MANHATTAN, Kan. – Phillip Brooks.
That’s why Chris Klieman called timeout with eight seconds left in the first half, without the football in a game he was winning. In basketball terms, call it a heat check.
In football terms, Klieman called it something else.
“The special teams were the highlight of the day,” he said. “[Phillip] is a talented guy who understands blocking and understands angles. Sets things up so well. We work a ton on our punt return and I’m so happy we were able to benefit from all the hard work and effort that we put into it.”
Brooks set a K-State record with 189 punt-return yards and brought back two first half punts for touchdowns as No. 19 K-State (4-1) demolished Kansas (0-5) in a 55-14 win.
“The punt return team was blocking well today. They gave me confidence,” Brooks said. “This is Special Teams U and with our history of great returners, I felt like I needed to contribute.”
The victory keeps the Governor’s Cup in Manhattan for the 12th year in a row and continues the longest winning streak by either team in the 118-year history of the Dillons Sunflower Showdown.
The Wildcats scored 21 points on defense and special teams in the win over Kansas, and now lead the nation with 122 non-offensive touchdowns over the last two decades.
It was the first one on Saturday that set the tone for the afternoon, as Brooks housed a 55-yard punt return to get the Wildcats on the board against Kansas.
Receiving the ball at midfield, Brooks dashed into Jayhawk territory before a crushing block from Brock Monty cleared the way for the second punt return touchdown of his career.
Brooks finished his freshman season with 120 punt return yards and a touchdown.
Against Kansas, he would surpass that by halftime.
“One of my boys, Wykeen Gill, came over, congratulated me and told me what happened. I didn’t even notice,” Brooks said. “I didn’t know I set the record. I was locked in on offense just looking at schemes.”
Before Brooks put the finishing touches on some history, Justin Gardner stepped up with the play of the game for the K-State defense.
In the second quarter, Gardner read a screen pass from Kansas quarterback Jalon Daniels to grab his second interception of the season. He could have walked into the end zone, as Gardner gave K-State their second game in a row with a pick six.
With the final seconds ticking away in the first half and the Wildcats up 28-7, the defense came up with a stop and forced the Jayhawks to punt.
That’s when Klieman called timeout and Brooks called game.
The sophomore’s 52-yard punt return came with 0:00 on the clock in the first half – it was touchdown or bust.
“I told Phillip, ‘There are seven seconds left, you can’t get tackled. You’ve got to score.’ Sure enough, we did a great job,” Klieman said. “Some blocks downfield, made one guy miss and that was a huge momentum boost going into halftime.”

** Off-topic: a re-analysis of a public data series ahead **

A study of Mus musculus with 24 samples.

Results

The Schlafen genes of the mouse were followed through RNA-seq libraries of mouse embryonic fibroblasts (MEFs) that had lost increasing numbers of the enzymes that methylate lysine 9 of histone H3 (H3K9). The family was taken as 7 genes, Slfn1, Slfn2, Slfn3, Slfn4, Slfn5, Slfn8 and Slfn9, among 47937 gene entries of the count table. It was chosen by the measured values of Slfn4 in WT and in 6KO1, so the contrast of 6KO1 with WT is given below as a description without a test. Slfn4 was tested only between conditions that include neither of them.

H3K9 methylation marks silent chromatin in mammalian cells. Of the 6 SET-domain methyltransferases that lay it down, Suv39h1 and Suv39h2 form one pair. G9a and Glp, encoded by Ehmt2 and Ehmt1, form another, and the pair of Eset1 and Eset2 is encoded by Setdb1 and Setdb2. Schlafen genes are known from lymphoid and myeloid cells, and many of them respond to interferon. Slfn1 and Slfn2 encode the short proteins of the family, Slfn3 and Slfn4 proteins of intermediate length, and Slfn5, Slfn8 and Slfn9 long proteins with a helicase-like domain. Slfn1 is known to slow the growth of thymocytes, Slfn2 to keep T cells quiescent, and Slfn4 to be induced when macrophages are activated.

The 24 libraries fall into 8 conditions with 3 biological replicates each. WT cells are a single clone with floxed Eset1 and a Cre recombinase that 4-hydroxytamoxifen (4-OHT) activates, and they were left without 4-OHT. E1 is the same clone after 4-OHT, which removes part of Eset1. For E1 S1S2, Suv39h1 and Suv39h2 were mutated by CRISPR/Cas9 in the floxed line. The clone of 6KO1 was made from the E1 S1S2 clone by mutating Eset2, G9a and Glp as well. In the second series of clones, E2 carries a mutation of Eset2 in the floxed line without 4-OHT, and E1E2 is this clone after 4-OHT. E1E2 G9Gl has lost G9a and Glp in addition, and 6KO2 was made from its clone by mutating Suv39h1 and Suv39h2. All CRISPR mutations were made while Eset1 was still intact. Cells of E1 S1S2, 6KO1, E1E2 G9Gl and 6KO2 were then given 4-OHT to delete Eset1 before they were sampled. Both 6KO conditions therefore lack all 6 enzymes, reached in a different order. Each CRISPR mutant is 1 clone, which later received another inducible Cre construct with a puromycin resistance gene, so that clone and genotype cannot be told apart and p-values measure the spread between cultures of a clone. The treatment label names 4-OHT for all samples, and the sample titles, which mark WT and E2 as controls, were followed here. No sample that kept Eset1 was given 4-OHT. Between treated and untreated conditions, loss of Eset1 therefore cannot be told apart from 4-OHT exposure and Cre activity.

Brooks finished the afternoon with 189 yards as a punt returner against the Jayhawks, which would make him the nation’s leading team in punt return yards this season.
Not the leading player. The leading team.
“After the first return, they were still kicking it to me,” Brooks said. “I was like, ‘OK, they’re just going to keep giving us opportunities.’ We took advantage.”
After special teams and defense gave the Wildcats some breathing room against Kansas, the offense put the Jayhawks away in the second half.
“We challenged them. I didn’t feel like we played very well in the first half offensively. Couldn’t get into a rhythm and a lot of things weren’t going our way,” Klieman said. “Talked to the staff, talked to the players and we just needed to play the game. I was really pleased with the way the offense responded in the third quarter.”
Will Howard finished the second start of his college career with 243 yards on 17-of-24 passing.
Howard found Sammy Wheeler and Briley Moore for a pair of passing touchdowns on Saturday, the first game with multiple touchdowns through the air for the Pennsylvania native.
“With the kids from Kansas on this team and the passion they brought, Coach Klieman let them talk in the meeting on Monday and let them lead us out of the tunnel,” Howard said. “I didn’t grow up a K-State or a KU fan. I don’t really understand the rivalry. But I’m a K-Stater now and I understand that. I was doing it for those guys.”
With K-State in command on Saturday, Howard didn’t throw an interception and got the ball to his playmakers.
Deuce Vaughn continued his historic freshman season with 152 all-purpose yards as he led the Wildcats in rushing and receiving yards on the afternoon.
“It was surreal,” Vaughn said. “All week, we talked about doing it for these Kansas boys that were maybe overlooked by Kansas or shoved to the side… It was fantastic to be out there and play with my boys in the Sunflower Showdown.”
He finished off the game with a one-yard touchdown, breaking ankles on the way to the endzone.
Harry Trotter added his third rushing touchdown of the season and put the finishing touchdowns on a 55-point day for the Wildcats, the highest scoring game of the Chris Klieman era in Manhattan.
Saturday’s game was also the most lopsided edition of the Sunflower Showdown in a decade, since K-State took down the Jayhawks 59-7 in 2010.
“This is a big game for us,” Klieman said. “A big game for our kids from Kansas and Missouri. To be able to dominate the football game like we did, I’m really pleased.”
The Wildcats will hit the road for their next Big 12 matchup, traveling to Morgantown for another 11 a.m. kickoff against West Virginia on Saturday.
No. 19 K-State will return to Bill Snyder Family Stadium on November 7 when they face off with No. 6 Oklahoma State.